Dereplicate in chimera.uchime

In the SOP, there is a comment regarding chimera.uchime (with reference=self) that is strange to me.
“By default, if chimera.uchime calls a sequence as chimeric in one group, it considers it a chimera in all samples and will flag all for removal.”
I don’t see the logic behind this approach. The detection of chimera by uchime is based on probabilty. Therefore, a sequence is flagged as chimera if we find potential parental sequences amongst the more abundant sequences in the same sample. Let’s call it seq1. However, if the same sequence exists in a sample without the corresponding parental sequences, it is an evidence that this sequence is not a chimera. Let’s call it seq2. Therefore, not only seq2 should not be labelled as chimera, but the seq1 should not be labelled as chimera neither. Do you see my point?
In mothur, it seems to me that this approach cannot be applied. It is not possible to “unlabel” seq1 based on evidence that seq2 is not a chimera.
I would be curious to know the point of view of others on this. Would it be possible to apply this approach in mothur?
In advance, thanks for sharing your thoughts.

First off, this is something mothur is doing, not UCHIME. We apply UCHIME to each sample and flag sequences as appropriate. This generates a list of names of putative chimeras. The question is what to do with that list. The argument in favor of removing a chimeric sequence from all samples is that a non-flagged sequence might have rarer parents and that it’s a matter of “power”. Therefore, it would make sense to remove the sequence. The argument in favor of only removing flagged sequences from samples where they’re flagged is that we aren’t making any extra assumptions. Your question is a very good one and introduces a third option - if it’s not flagged in every sample, it’s not a chimera. I’m not sure what to think about this and it is very provocative.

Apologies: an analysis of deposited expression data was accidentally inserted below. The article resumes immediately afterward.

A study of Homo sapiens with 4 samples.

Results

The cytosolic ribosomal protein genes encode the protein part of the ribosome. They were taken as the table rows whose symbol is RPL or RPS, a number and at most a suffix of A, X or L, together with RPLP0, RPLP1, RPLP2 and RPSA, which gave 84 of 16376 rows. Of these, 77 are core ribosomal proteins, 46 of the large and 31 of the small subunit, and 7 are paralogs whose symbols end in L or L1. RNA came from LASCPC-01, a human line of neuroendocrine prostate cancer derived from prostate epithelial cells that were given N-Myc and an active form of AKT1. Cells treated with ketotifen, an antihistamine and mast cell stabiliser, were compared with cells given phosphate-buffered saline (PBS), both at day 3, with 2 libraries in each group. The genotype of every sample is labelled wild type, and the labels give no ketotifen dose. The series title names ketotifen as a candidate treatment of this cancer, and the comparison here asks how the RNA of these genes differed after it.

Here’s are a couple of simulations someone should try…

  1. Take a bunch of mock community samples where we know the true chimeras. If options a, b, or c are used, what are the false negative and false positive rates?

  2. Take a very large dataset where a single sample was sequenced excessively. Call chimeras on the entire dataset - let these be the true chimeras. Then, randomly draw sets of 5000 reads from that dataset without replacement and run the subdatasets through UCHIME and flag the chimeras. Get the false negative and false positive rates for options a, b, and c.

Sounds like a PLoS ONE paper…


Thanks for this motivating answer…
Before convincing a colleague of mine to do this work (and to put my name as last author on the PLoS One paper), I would be interested in testing the result of this approach on my current dataset. Would it be possible to do it with remove.seqs or some other commands in mothur?

Hey it’s better than J Crap Sci :wink:

remove.seqs would remove sequences that you define. To split up a file you might write a script in R/Python/Perl/Assembly to randomly select sequences using the count table or fasta/names file.